Throughout the history of homo sapiens our species has been highly adept at altering the environment to suit its wants and needs. Creatures large and small have often ended up facing the consequences.
From South America to Australia the first human settlers helped drive megafauna extinct. People hunted several large animals into extinction for their meat, fur and other body parts. Yet we’ve also been taking a toll on wild animals for a physically less pressing need: our religious beliefs.
A case in point: African ibises in Ancient Egypt. The birds were deemed sacred because of their association with the Egyptian god Thoth. Yet that association was hardly to the birds’ actual benefit. Ancient Egyptians mummified countless African sacred ibises so that these birds could be sacrificed to Thoth, the god of magic and wisdom who was depicted with an ibis’s head.
For a new study aimed at finding out how the millions of ibises that ended up in Egyptian tombs were obtained, Sally Wasef of Griffith University in Australia and her colleagues collected DNA from 40 mummified sacred ibises from six Egyptian catacombs dating to around 2,500 years ago. They then compared the genetic results with DNA taken from 26 sacred ibises (Threskiornis aethiopicus) from current populations of the species across Africa.
What the scientists found was that the mummified birds that were studied “show a high level of genetic variation comparable to that identified in modern African populations, contrary to the suggestion in ancient hieroglyphics (or ancient writings) of centralized industrial scale farming of sacrificial birds.”
It has long been believed that migratory wild ibises were domesticated so they could be used as sacrificial objects in regular rituals. Egyptian catacombs are packed with the mummified remains of ibises. Between around 664BC and 250AD, the birds were routinely sacrificed to Thoth and they were also often mummified so that they could be interned in tombs.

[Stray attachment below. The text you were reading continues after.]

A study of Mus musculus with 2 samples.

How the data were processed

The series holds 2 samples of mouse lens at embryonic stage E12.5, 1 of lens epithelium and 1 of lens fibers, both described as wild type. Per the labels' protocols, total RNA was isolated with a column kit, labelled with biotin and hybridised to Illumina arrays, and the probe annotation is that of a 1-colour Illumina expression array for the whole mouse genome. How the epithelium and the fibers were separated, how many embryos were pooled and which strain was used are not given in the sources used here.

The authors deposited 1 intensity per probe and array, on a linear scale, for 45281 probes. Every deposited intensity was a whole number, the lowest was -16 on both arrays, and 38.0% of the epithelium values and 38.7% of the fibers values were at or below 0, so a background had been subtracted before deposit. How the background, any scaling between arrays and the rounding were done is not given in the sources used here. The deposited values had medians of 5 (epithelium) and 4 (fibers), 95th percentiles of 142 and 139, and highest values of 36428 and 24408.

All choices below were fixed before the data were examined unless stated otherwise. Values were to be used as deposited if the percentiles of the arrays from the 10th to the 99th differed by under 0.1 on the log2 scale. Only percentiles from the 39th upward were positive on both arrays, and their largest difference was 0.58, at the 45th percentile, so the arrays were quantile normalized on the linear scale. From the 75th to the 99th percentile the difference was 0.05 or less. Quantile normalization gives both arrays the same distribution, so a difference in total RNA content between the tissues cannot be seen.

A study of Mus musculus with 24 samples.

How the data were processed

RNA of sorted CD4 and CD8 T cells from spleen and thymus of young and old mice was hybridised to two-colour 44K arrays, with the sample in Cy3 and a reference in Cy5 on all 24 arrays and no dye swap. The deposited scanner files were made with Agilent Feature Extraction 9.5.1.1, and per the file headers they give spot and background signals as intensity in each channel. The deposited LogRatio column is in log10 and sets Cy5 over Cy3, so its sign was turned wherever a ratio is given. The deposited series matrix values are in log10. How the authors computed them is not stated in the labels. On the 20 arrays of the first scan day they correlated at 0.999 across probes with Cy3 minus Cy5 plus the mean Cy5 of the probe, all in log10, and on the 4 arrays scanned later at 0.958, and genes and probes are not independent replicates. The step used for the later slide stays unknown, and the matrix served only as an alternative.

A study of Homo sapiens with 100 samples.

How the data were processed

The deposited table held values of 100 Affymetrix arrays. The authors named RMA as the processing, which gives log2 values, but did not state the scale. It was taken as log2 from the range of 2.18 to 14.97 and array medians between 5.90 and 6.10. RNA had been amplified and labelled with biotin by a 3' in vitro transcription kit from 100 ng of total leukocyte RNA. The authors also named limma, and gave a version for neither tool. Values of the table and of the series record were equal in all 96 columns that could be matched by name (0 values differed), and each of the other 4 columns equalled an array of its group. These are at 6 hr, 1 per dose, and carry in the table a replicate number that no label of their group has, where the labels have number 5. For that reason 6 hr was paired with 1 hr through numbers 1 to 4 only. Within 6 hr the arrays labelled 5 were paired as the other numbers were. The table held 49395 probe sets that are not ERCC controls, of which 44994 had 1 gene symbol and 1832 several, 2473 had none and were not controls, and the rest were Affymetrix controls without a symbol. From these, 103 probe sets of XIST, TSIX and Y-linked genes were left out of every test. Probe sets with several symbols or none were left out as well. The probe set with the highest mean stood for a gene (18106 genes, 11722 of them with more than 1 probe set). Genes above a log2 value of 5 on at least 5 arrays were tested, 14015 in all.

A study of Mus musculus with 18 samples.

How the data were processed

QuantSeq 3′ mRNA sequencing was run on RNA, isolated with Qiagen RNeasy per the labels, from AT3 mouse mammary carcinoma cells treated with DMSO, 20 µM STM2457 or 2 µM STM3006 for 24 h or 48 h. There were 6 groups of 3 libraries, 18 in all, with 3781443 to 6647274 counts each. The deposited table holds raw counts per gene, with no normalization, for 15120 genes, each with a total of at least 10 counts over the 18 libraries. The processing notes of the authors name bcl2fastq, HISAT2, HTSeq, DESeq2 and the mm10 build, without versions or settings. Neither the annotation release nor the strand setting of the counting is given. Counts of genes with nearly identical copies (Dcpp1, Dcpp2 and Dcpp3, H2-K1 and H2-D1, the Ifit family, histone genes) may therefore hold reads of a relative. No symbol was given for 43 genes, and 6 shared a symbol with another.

“In ancient sites across Egypt, these mummified birds are stacked floor to ceiling along kilometers of catacombs, totaling many millions of birds,” a statement on the study explains. “But how the Egyptians got access to so many birds has been a mystery; some ancient texts indicate that long-term farming and domestication may have been employed.”
This is where their research has yielded an interesting insight. The high genetic diversity among specimens taken from catacombs indicate that the birds had been caught from the wild by ancient Egyptians. If the birds had been domesticated and farmed on an industrial scale, their genetic diversity would have been reduced owing to inevitable interbreeding.
The most probable scenario according to their findings, the researchers note, “is that local Sacred Ibis were tended in the natural habitats or small, localised farms. If they were deliberately farmed, it is likely that this would have been for only short time periods (perhaps a single season), before being sacrificed and entombed.”